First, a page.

The new record of deportations reached this year, along with the change in the detention policy announced by Immigration and Customs Enforcement (ICE), leaves behind a bittersweet taste.
Without a doubt, it is beneficial that ICE decided last Friday to issue new guidelines for its detention “holds” or detainers. These guidelines now include concrete crimes and legal situations for which a detainee is to be deported. For example, an undocumented immigrant who drives drunk is in that category, as well as those who illegally leave the scene of an accident.
What is good about this regulation is that it removes the possibility of abusing discretion, which is one of the big problems of Secure Communities.
What is worrisome is that ICE announced this change along with a new record number of deportations for 2012. That combination raises the question of how many of the 409,849 deportees would still be in the country if this rule had been changed earlier.
Or even simpler: Why wasn’t this sort of clarification added from the beginning?
These numbers are not cold statistics: they involve lives and families being separated. ICE can say that 55% of those deported this year had criminal backgrounds, giving a breakdown to reduce the number of people whose deportation in reality was not justified.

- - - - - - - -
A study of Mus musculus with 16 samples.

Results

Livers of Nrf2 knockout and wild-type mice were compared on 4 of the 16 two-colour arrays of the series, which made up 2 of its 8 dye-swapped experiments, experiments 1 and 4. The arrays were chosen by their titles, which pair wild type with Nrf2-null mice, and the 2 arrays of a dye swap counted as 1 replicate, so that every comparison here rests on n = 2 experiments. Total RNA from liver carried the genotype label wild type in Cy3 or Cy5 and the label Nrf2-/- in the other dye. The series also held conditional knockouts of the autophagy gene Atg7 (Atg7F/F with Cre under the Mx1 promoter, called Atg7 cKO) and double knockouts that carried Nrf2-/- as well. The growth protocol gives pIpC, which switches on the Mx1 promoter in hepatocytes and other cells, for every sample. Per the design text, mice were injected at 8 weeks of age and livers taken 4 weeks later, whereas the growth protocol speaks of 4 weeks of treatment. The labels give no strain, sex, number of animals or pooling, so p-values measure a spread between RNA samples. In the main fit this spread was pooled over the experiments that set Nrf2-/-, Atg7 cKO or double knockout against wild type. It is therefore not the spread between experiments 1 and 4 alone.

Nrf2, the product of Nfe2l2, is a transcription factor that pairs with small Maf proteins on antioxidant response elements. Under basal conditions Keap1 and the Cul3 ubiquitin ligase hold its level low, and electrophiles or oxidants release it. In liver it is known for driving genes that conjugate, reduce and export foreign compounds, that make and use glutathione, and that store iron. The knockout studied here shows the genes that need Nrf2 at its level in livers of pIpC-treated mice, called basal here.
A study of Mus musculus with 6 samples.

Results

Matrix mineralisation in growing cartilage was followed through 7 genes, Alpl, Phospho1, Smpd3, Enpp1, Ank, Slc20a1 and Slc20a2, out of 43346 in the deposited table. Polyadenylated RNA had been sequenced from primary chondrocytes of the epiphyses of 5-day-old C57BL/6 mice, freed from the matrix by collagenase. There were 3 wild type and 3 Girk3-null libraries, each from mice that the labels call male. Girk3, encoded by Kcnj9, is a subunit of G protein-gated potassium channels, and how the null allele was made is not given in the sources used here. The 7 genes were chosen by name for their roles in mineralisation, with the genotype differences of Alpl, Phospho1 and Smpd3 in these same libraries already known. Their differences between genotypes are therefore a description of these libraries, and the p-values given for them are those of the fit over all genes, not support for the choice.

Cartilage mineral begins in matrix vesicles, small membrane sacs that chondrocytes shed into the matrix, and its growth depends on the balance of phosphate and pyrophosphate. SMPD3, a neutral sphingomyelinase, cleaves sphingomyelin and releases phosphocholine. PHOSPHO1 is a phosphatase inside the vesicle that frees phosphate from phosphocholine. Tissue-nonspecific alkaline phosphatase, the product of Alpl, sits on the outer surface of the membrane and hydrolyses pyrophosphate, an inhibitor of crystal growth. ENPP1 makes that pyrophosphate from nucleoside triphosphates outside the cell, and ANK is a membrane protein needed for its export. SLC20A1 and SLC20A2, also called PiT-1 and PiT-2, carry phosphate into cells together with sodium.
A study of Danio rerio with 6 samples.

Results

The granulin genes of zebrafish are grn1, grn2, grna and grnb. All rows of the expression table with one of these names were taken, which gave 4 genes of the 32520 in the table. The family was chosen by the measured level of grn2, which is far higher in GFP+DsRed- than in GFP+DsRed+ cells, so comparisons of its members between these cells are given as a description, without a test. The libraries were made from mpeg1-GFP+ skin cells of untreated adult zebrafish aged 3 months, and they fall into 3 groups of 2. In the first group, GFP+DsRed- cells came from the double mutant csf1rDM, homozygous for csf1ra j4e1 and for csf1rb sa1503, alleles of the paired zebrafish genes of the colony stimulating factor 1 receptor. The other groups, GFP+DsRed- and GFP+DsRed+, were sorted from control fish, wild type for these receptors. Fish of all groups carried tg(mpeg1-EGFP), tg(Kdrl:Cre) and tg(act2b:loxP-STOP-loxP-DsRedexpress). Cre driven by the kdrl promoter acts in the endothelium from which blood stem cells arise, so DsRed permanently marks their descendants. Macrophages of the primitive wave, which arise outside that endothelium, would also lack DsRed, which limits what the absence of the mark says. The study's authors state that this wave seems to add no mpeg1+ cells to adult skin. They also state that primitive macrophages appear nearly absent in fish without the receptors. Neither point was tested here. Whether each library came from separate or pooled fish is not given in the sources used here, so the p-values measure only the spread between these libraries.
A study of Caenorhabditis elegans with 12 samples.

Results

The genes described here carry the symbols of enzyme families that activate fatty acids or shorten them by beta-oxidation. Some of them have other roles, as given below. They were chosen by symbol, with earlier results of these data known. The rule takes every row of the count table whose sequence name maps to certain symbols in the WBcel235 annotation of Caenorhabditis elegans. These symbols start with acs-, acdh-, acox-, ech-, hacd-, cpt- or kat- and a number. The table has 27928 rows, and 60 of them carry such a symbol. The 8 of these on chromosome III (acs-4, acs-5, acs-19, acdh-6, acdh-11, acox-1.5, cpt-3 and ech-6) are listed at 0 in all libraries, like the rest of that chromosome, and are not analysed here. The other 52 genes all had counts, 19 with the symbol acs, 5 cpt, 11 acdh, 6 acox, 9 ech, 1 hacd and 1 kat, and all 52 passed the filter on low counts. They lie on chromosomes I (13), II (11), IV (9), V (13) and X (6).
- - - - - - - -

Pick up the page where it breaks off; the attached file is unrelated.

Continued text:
But the agency cannot cover up the fact that between 2010 and 2012, almost 250,000 parents of U.S. citizen children were deported and because of that, today thousands of children are in foster homes.
It would seem that for some reason, priority is given to the offense committed by the undocumented persons over their ties to the community and American families–factors that according to ICE must now be taken into account when deciding whether to deport someone.
These developments regarding ICE once again confirm the need for comprehensive immigration reform with a more consistent policy for deportations. Meanwhile, the state’s TRUST Act is the only defense against the comings and goings at ICE.